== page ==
Java 22 could include computed constants, class-filed API

These capabilities could join previously previewed features such as structured concurrency, value object storage enhancements, and string templates.

Credit: Karolina Grabowska.Staffage

Java Development Kit (JDK) 21 officially arrived September 19, 2023. Next up is JDK 22, or Java 22, due March 19, 2024. A range of capabilities from structured concurrency to computed constants and a class-file API could make it into this future release.

JDK 22 is set to be published as a short-term release by Oracle with six months of support, although other organisations could offer longer support if they choose. Although the OpenJDK webpage for JDK 22 doesn’t lists any features yet, obvious candidates include features previewed in JDK 21, such as structured concurrency for concurrent programming. Another possibility is a feature that was initially slotted for JDK 21 but was taken out: the Shenandoah garbage collector, a low-pause time collector. Early-access builds of JDK 22 are available at jdk.java.net. Other candidates for possible inclusion in JDK 22 include:

  • A class-file API preview provides a standard API for parsing, generating, and transforming Java class files.
  • A preview of computed constants, which are immutable value holders that are initialised at most once.
  • A preview of value object storage enhancements, which allow programmers to enable more aggressive inlining of value objects in field and array components via non-atomic and null-restricted storage.
  • Integrity and strong encapsulation restrict APIs so they cannot break strong encapsulation without explicit user permission, while still accommodating use cases that must operate beyond encapsulation boundaries.
  • A preview of statements before super(). In constructors, statements would be allowed that do not access the instance being created to appear prior to invocations of this() or super(), allowing more natural placement of initialisation logic.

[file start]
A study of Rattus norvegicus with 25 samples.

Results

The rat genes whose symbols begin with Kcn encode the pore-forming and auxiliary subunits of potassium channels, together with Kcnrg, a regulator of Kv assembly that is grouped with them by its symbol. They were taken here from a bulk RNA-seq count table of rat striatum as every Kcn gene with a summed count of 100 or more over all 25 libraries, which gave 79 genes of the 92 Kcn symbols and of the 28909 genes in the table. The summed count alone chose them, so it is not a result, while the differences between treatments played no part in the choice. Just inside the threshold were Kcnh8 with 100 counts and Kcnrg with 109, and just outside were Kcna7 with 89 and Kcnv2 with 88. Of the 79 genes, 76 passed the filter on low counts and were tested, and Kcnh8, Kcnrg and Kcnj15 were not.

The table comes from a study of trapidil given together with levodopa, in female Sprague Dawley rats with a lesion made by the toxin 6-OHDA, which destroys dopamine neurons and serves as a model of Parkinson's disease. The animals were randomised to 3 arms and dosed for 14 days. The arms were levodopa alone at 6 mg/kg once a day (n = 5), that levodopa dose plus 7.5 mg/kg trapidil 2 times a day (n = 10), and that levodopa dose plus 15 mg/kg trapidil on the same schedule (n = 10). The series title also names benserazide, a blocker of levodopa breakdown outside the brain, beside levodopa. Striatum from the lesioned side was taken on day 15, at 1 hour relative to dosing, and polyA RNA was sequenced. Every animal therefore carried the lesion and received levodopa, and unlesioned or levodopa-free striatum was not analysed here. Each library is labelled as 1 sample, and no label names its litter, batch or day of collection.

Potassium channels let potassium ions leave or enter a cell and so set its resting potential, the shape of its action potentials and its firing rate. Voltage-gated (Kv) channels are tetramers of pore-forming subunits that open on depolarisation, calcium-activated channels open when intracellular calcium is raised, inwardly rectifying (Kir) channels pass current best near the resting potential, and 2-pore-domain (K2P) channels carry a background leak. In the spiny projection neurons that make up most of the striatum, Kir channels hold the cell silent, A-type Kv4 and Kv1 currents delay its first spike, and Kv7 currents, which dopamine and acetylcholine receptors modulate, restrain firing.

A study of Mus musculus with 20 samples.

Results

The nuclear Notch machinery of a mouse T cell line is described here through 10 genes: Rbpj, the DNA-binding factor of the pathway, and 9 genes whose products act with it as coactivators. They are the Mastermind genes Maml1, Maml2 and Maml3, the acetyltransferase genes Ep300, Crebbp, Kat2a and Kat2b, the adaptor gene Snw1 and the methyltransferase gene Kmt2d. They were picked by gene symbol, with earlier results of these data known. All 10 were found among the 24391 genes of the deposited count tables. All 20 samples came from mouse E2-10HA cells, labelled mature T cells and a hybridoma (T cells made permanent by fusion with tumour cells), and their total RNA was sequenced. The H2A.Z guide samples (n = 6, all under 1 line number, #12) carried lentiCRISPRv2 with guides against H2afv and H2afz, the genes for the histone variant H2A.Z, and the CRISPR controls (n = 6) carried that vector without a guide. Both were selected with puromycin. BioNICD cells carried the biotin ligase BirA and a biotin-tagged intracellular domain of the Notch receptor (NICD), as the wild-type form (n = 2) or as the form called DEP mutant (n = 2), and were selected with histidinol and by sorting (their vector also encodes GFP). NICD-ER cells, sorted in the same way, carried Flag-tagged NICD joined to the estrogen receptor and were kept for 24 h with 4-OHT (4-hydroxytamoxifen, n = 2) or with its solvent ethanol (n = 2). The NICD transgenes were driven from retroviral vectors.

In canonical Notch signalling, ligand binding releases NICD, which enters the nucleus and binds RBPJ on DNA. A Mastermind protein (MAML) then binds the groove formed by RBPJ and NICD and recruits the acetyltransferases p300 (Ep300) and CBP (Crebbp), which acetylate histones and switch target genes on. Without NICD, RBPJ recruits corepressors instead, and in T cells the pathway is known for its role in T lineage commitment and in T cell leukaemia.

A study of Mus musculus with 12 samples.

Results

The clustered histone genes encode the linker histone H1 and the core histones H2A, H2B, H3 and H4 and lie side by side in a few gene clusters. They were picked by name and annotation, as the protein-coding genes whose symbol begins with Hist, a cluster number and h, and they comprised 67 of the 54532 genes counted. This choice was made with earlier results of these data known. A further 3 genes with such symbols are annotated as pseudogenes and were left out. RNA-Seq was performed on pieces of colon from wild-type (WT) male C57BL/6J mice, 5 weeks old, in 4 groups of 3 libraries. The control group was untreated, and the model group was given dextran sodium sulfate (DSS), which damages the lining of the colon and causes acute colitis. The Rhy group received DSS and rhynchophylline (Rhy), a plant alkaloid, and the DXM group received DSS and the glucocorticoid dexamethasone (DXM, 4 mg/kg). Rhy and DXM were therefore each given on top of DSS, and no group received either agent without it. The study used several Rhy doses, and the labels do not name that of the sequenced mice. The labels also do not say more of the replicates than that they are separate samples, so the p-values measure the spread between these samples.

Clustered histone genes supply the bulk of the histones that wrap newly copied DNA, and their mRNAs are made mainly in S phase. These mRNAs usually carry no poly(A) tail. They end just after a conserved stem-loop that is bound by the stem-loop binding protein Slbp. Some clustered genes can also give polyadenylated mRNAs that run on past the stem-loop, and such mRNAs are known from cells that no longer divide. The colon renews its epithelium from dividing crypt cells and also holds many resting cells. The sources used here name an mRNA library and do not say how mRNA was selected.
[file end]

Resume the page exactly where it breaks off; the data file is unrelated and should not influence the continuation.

• Preparations to restrict the use of JNI (Java Native Interface), supporting integrity-by-default through warnings issued when native code is invoked through JNI. This prepares for a future release that restricts the use of JNI to load native libraries and call native code. There is no plan to remove JNI from the platform.
  • String templates, previewed in JDK 21, would complement string literals and text blocks by coupling literal text with embedded expressions and template processors. This capability would simplify the writing of Java programs.
  • Foreign function and memory API was previewed for the third time in JDK 21. This feature lets Java programs interoperate with code and data outside the Java runtime.
  • Unnamed patterns and variables, previewed in JDK 21, improve the readability of record patterns and the maintainability of all code.
  • Unnamed classes and instance main methods, another feature previewed in JDK 21, evolve Java so students can write their first programs without having to understand language features designed for large programs.
  • Vector API has been in an incubator phase for six straight releases of Java and would express vector computations that reliably compile at runtime to optimal vector instructions on supported CPU architectures. This would result in performance performance superior to equivalent scalar computations.
  • Scoped values, previewed in JDK 21 and incubated in JDK 20, offer a programming model to share data both within a thread and child threads to simplify reasoning about data flow. Other goals cover comprehensibility of shared data, robustness, and performance.

Prior to the general release, JDK 22 is set for rampdown phases beginning December 7, 2023, and January 18, 2024; release candidates are due February 8 and February 22, 2024. JDK 21 was published on September 19, 2023, with Oracle designating it to be a long-term support release with at least eight years of support.